The William Trevor Reader: “Nice Day at School”

January 18, 2022 | 3 min read

This is a good one that inverts the usual Trevor elements—the main character, Eleanor, is an adolescent girl rather than elderly spinster, and rather than backgrounding the proceedings with pervy energy, the perviness is the main event: all the girls in Eleanor’s grade are losing their virginity, and as Eleanor holds out, she worries about becoming an old maid like her teacher Miss Whitehead. It isn’t just the schoolgirls having sex, either. Everyone in Eleanor’s life, including, or perhaps especially her parents, are doing it constantly. Her father, a nightclub bouncer, works all night and expects to come home to an artery-blocking fry up and shag—on both counts, Eleanor’s mother grimly obliges. In their lower-class world, sex is the main (free) vice and compensation, and rather than the freedom it’s meant to represent, Eleanor intuits what it really means, especially for women: pregnancy, debt, dependency, dismal marriage, violence, and squalor. At the end of the story, looking at her parents, she thinks fondly of Miss Whitehead, who is “complete and alone, having discarded what she wished to discard,” and that Miss Whitehead’s enviable fate is unavailable to her parents, and by extension herself: “… for them it was too late to escape to a room in which everything was clean.”

Sex, in the usual Trevor story, is a kind of background noise that occasionally becomes audible. Its function, typically, is ironic—as the characters uselessly strain against their limitations and the straitening power of time and age, the erotic hum reminds them and the reader of what they stand to lose: simple pleasure, humanness, joy. In “Nice Day at School,” sex is the encroaching agent, the inescapable force of constriction and diminution, and time is backgrounded as the ironic element. Time, Eleanor has in excess, and yet it’s an ironically fruitless bounty considering what seem to be her available options: Miss Whitehead and her frigid, lonely abstention or her parents (and Mrs. Rourke, Mr. Crumm, Liz Jones, et al.) and their filthy hopelessness.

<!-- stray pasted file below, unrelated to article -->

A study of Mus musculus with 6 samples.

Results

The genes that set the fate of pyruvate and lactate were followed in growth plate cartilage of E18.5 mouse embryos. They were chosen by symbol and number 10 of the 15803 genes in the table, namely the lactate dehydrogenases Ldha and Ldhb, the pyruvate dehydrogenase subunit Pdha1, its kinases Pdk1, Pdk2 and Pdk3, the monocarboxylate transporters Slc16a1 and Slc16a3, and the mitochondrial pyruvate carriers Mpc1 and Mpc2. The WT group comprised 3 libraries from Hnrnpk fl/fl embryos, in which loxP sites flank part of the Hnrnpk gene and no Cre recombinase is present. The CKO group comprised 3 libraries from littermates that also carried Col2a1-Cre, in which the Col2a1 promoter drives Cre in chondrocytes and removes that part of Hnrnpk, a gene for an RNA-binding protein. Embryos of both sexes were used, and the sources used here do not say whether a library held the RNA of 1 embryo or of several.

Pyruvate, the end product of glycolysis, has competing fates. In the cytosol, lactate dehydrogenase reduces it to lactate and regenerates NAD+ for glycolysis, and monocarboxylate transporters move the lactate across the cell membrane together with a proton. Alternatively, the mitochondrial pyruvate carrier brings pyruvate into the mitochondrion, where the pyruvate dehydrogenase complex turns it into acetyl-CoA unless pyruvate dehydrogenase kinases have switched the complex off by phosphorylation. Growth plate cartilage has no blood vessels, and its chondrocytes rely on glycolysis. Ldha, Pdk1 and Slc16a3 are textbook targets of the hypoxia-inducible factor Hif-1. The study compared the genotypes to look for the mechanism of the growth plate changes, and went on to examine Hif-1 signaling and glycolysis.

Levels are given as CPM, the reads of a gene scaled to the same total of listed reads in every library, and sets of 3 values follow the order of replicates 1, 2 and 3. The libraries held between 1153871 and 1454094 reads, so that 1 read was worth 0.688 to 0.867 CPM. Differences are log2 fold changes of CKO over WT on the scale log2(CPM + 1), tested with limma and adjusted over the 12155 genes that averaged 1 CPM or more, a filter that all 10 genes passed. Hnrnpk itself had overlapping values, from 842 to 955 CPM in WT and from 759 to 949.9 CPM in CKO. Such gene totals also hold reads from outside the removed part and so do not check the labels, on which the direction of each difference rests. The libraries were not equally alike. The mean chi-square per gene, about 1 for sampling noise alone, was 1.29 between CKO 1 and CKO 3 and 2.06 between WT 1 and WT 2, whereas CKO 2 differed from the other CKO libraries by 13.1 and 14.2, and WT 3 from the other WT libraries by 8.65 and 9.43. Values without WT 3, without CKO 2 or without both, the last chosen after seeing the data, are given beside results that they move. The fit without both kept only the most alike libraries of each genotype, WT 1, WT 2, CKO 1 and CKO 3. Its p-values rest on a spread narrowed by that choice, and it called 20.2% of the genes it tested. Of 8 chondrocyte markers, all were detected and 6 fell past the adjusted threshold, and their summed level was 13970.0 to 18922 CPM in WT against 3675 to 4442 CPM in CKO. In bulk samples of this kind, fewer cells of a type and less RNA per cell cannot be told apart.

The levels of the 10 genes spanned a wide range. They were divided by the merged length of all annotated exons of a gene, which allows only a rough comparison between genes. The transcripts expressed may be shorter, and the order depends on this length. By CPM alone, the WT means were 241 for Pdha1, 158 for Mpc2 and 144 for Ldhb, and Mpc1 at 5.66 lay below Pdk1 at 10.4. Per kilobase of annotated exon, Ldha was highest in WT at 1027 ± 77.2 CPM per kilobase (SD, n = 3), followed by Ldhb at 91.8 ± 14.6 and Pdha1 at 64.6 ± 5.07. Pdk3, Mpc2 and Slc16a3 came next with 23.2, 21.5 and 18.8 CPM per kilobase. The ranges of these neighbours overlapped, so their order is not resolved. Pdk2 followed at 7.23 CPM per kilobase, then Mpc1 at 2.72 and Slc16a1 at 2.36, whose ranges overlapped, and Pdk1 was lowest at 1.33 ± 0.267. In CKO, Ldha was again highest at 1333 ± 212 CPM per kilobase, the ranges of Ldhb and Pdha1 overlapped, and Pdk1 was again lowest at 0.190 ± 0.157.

A side note about Eleanor’s father: depressing though he is, he’s also a figure of fairly tasteless comedy. A former professional wrestler with a bad back, the former “Prince of Hackney,” so-called, now works as a bouncer in a posh nightclub and makes up stories about meeting Princess Margaret and Mia Farrow. When he finishes his outrageous breakfast and disappears into the bedroom with Eleanor’s mother, he’s described as making “the same kind of noise as he’d made in the wrestling ring.” Eleanor’s father is a reminder that the popular view of Trevor as a paragon of quiet taste—one that I find myself reflexively holding—is not quite accurate. Trevor’s style and narrative choices are quiet and impeccable, but he is also fond of the grotesque, even outright caricature.

As with the odd moments of horniness and perversity, the grotesque in Trevor’s fiction serves as a kind of countervailing force against the central theme of loss and the stately tone of sadness. One of the things about Trevor’s fiction that works so well is that, in presenting one of literature’s most serious and depressing views of human existence, it still manages not to take itself too seriously. The peeks up the skirt, Liz Jones getting laid standing up in the schoolyard, and the wrestling grunts from the bedroom serve the dual function of leavening the proceedings while deepening them. These are, after all, not just naughty bits of fun—they are the (re)actions of human beings who, feeling the walls closing in, cast around for any grim pleasure that might provide a sense of agency and take their mind off their life.

In the words of Jarvis Cocker in Pulp’s great “Common People”:

You’ll never fail like common people, you’ll never watch your life slide out of view

And you dance and drink and screw, because there’s nothing else to do.

Trevor is not a class warrior. To my mind, for an Irish/English writer, he is only moderately concerned with class. It appears often in his stories, but usually as a secondary element that goes to character or else ratchets up other, more important tensions. But when he does write explicitly about the poor, as he is here, the sense of frustrated helplessness that pervades his work is amplified and sharpened.

See you next week, when I’ll be discussing “The Original Sins of Edward Tripp.”

is a staff writer for The Millions and the author of two novels: The Grand Tour (Doubleday 2016) and The Hotel Neversink (2019 Tin House Books). His short fiction has appeared in The Paris Review, VICE, The Iowa Review, and many other places. His podcast, Fan’s Notes, is an ongoing discussion about books and basketball. Find him online at and on Twitter at @AdamOPrice.